DURHAM, N.C. – North Carolina Central University mourns the passing of the 11th Chancellor, Dr. Debra Saunders-White, who passed away today, November 26, 2016, after a heroic battle with cancer.
Saunders-White’s tenure was filled with a number of achievements and firsts for NCCU over the past three-and-a-half years since she assumed the post as chancellor on June 1, 2013. She made institutional history for NCCU with her appointment as the university’s first permanent female chancellor on February 8, 2013. She quickly established and carried out her vision of “Eagle Excellence” that made delivering excellence in our classrooms, excellence throughout our campus and excellence in our service to the community a focus during her administration.
Saunders-White, 59 years old, took a medical leave of absence on August 8, 2016. She was diagnosed with kidney cancer in 2015.
Saunders-White came to NCCU from the U.S. Department of Education after working in higher education administration at Hampton University and the University of North Carolina Wilmington, as well as in corporate marketing for IBM.
UNC President Margaret Spellings offered the following statement:
“The UNC system lost a great leader today. With the death of Deb Saunders-White, we also lost a valued colleague and friend. Deb loved NCCU with all her being and treated each of its students as her very own. She called them her light and her inspiration as she waged her battle with cancer. As a first-generation college graduate, she understood the rare opportunities that higher education can provide, as well as the challenges so many young people face in accessing and affording college. Deb will be remembered for her positive outlook on life, her unwavering faith and determination, and her commitment to Eagle Excellence. Our hearts go out to her family and the entire NCCU community.”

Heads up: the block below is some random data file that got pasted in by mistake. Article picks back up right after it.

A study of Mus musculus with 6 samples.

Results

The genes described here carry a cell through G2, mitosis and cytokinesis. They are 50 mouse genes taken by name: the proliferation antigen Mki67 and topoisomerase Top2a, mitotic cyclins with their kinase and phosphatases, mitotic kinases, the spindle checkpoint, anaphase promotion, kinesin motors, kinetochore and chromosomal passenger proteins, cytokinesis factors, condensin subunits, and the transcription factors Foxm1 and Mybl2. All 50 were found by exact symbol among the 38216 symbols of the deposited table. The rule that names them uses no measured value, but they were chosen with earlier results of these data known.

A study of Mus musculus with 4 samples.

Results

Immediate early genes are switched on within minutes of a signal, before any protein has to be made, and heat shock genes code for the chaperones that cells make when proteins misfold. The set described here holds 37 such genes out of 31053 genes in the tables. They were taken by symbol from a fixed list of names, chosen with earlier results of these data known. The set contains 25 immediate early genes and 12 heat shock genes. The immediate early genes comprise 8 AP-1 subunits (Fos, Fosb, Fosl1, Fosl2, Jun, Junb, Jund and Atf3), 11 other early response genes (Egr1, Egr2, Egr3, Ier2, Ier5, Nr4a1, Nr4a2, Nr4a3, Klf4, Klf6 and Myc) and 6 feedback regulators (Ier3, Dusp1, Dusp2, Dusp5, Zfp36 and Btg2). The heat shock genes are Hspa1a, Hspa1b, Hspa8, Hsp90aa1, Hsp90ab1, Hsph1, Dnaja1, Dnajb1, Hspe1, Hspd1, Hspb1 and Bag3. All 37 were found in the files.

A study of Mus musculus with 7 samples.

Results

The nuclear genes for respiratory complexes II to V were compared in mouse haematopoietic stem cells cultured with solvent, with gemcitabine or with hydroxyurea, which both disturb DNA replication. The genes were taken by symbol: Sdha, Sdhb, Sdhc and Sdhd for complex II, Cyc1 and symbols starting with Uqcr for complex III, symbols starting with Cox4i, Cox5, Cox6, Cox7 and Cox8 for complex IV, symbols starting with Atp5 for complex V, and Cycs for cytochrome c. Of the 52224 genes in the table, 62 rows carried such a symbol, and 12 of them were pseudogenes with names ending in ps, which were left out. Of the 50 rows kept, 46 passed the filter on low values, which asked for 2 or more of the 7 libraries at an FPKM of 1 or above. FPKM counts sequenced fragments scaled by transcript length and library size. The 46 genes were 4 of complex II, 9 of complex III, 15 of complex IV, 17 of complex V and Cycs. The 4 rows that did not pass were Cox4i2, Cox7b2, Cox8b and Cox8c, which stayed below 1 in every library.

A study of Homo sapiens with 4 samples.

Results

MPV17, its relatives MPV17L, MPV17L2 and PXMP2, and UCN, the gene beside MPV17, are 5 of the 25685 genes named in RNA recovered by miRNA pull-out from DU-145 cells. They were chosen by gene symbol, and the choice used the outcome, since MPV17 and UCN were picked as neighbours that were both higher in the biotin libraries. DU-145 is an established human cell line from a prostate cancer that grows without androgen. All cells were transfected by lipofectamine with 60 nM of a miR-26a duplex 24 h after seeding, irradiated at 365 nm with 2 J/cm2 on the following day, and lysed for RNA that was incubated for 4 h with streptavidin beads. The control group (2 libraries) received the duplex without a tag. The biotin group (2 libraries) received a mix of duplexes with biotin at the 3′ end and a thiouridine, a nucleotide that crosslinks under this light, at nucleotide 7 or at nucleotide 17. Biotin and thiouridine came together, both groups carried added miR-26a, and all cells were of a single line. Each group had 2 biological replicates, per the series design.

George R. Hamilton, chairman of the NCCU Board of Trustees, stated:
“The passing of Chancellor Debra Saunders-White is a deep loss for me personally and for North Carolina Central University. She led NCCU through transformational years where the university recorded significant increases in critical performance indicator areas, including retention and graduation rates, and the positioning of our two research institutes became more prominent. Her numerous contributions to the academy were significant in distinguishing the institution nationally in the higher education marketplace, one that helped recognize NCCU as the 2016 HBCU of the Year by HBCU Digest. On behalf of the NCCU Board of Trustees, I extend condolences to her children, mother, brothers and other members of her family.”
In a statement sent to the university community from Dr. Johnson O. Akinleye, acting chancellor, provost and vice chancellor for Academic Affairs, it was noted the following:
“Her loss is nearly immeasurable to our community, but her influence on higher education and her genuine love and dedication for NCCU, most especially the students, are clearly evident by her impact in Durham, across North Carolina and throughout our nation. Chancellor Saunders-White was a powerhouse of energy and wit; she spent her life passionately executing on her visionary and transformative strategy of using education to create opportunity.”
Saunders-White is survived by two children, Elizabeth Paige and Cecil III, her mother, Irene Saunders, and her brothers, Roger, Ralph and Kyle Saunders, and their families, a number of other family members and a host of friends.
A full obituary and details on a vigil, memorial service and celebration of life are forthcoming.